When Alt-J announced their first ever trip to play down under in October 2012, demand was always going to be huge. Tickets sold out within hours, and I missed out. Desolate, and deeming myself to be above licking wrists in the back alley for a dodgy stamp entry, I decided to retire to bed early that night and forget about it… there would be another time. But then, as if by magic, I got a call at 9.32pm to say a free ticket had been located, and that I had better hurry.
Twenty minutes later I was sipping on a cider and listening to the layered tracks of the rising four-piece band whose idiosyncratic mix of dubstep, folk and indie have caught the attention of countless critics and music lovers across the globe. Their record, An Awesome Wave, was dubbed as the debut album of the European summer, and is already turning heads on the Aussie scene. They played an absorbing and intimate set, but they’re not going to be playing at venues like this for much longer.
They are Alt-J, a UK quartet that is pushing the limits of alternative rock. A litany of labels have been coined to describe their experimental sound – folk-step, art rock, jump-folk and trip-folk – however, in refusing to submit to the rigours of any one genre, Alt-J may have created one that is uniquely their own.
Their debut record pitched them as the favourite to win the Barclaycard Mercury Prize, an award that is famous for selecting underdogs for nominees – and win they did, in November 2012. It's quite a feat, since the band – which formed at Leeds University in 2007, when friends Gus Unger-Hamilton (Keyboard), Gwill Sainsbury (guitar), Thom Green (drums), and Joe Newman (vocals) began recording in their dorm rooms using Garageband – had been largely unrecognised until recently, with keyboardist Gus Unger-Hamilton telling Triple J: “This time last year we were unsigned, living on the dole in Cambridge.”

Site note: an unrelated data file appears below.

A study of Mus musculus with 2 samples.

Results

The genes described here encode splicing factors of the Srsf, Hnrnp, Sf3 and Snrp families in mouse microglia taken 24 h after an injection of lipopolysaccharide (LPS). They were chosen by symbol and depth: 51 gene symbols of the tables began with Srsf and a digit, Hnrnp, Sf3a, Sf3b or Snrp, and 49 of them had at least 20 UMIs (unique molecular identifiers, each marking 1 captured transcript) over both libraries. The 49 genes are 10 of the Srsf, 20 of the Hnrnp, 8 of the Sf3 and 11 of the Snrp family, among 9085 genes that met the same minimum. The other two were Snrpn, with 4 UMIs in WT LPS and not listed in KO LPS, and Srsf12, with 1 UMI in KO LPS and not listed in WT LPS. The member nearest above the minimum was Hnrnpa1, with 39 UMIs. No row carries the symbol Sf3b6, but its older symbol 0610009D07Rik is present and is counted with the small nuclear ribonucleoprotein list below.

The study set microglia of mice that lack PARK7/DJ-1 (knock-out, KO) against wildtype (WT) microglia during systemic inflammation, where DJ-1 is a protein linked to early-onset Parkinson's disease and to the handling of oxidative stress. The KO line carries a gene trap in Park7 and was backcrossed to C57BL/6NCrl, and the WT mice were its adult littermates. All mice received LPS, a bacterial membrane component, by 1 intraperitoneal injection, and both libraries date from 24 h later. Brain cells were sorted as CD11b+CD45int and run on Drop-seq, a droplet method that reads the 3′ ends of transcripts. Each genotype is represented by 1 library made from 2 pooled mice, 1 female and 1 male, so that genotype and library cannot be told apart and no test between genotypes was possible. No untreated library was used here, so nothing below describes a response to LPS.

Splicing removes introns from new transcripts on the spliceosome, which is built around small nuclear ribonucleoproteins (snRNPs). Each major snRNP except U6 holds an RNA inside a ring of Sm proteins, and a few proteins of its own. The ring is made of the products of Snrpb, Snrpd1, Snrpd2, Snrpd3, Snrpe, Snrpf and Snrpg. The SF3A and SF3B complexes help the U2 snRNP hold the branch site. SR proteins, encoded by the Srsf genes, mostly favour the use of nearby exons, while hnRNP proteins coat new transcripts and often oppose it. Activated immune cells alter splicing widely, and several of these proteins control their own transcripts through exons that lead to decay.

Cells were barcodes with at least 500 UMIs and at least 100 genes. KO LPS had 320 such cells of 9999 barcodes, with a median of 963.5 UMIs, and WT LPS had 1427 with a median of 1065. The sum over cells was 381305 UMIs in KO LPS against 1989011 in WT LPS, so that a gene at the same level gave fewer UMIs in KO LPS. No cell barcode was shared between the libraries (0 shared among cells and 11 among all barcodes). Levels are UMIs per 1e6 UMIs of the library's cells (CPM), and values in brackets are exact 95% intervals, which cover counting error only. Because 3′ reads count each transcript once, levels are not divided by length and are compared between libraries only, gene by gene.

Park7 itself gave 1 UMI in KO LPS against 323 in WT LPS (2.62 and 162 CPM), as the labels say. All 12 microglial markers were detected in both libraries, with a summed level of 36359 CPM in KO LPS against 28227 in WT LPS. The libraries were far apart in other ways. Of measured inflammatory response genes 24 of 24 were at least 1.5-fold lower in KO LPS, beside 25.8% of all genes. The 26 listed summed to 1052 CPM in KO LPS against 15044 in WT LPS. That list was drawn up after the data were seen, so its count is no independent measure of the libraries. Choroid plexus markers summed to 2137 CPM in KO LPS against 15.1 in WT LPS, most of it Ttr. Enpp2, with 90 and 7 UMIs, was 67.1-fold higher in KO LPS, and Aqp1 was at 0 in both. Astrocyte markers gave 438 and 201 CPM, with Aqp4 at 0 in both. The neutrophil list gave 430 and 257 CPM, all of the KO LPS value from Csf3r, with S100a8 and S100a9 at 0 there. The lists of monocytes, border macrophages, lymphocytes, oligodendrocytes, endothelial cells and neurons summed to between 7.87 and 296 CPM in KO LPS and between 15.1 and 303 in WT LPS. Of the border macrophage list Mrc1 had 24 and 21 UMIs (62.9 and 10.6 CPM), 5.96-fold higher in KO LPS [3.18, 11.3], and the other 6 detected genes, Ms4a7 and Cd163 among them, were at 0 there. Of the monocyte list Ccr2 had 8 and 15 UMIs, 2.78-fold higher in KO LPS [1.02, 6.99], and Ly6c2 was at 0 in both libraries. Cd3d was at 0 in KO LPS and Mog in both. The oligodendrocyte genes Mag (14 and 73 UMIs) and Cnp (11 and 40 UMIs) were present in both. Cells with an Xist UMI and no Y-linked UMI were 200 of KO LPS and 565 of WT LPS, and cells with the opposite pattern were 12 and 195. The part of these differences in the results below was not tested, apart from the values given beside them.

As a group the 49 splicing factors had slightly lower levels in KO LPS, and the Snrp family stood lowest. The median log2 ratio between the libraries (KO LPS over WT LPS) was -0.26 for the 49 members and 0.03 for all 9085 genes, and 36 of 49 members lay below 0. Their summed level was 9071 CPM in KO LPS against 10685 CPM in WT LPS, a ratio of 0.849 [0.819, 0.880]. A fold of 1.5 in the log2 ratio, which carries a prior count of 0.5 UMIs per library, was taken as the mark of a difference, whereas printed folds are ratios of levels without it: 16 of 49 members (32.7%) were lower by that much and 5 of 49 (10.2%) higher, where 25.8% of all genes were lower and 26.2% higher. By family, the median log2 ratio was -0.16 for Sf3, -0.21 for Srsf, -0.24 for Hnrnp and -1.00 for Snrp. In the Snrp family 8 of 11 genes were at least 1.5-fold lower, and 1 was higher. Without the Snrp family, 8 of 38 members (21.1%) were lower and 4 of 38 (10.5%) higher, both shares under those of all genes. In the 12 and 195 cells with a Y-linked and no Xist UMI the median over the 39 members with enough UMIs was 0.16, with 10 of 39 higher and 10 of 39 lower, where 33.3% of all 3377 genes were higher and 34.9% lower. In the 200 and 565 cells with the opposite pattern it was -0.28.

The group has remained a testament to the power of word-of-mouth over record company marketing. Considered more of a DIY band, they don’t have a structural approach to writing music, and the organic approach usually leaves them unaware of where their choruses are in a song, having to rely on their producer to tell them. Frontman Joe Newman told the Guardian: “We're more like artists, he's more like a designer. We make the print and then he puts in on a scarf and sells it in the V&A gift shop."
If you needed evidence that these humble fellas were still coming to terms with the tidal wave of success battering them around of late, you just had to look at the musicans’ grins of disbelief at the reaction of the OAF audience – one fan noted, “It’s so refreshing to see a band genuinely humbled and appreciative of their crowd."
The tunes, for those not in the know, are highly allusary – the guys were lit and fine arts students after all.
‘Fitzpleasure’, a bass-heavy song of primal drum beats, was influenced by the 1964 novel Last Exit to Brooklyn. And the record is peppered with countless other allusions, like the tribute to Maurice Sendak, author of Where the Wild Things Are in ‘Breezeblocks’ (“Please don’t go/I’ll eat you whole/I love you so”), or the heart-breakingly delicate ‘Matilda’, dedicated to the main character in the French film by Luc Besson, Léon: The Professional.
‘Taro’, the final track of the album and the encore of the set, features the tragic love affair between 20th-century war photographers Robert Capa (who stepped on a mine in Indo-China) and Gerda Taro (who was run over by a tank during the Spanish civil war.). Featuring a sitar, this beautiful acoustic ballad was delivered to electrified silence at the OAF. Newman’s vocals jumped from hushed falsetto yelps to bassy chants throughout the set, incomparable to anything I’ve heard in a long time. Needless to say, the response was good.
Now that they've won the Mercury, Alt-J can kiss their obscure public persona goodbye.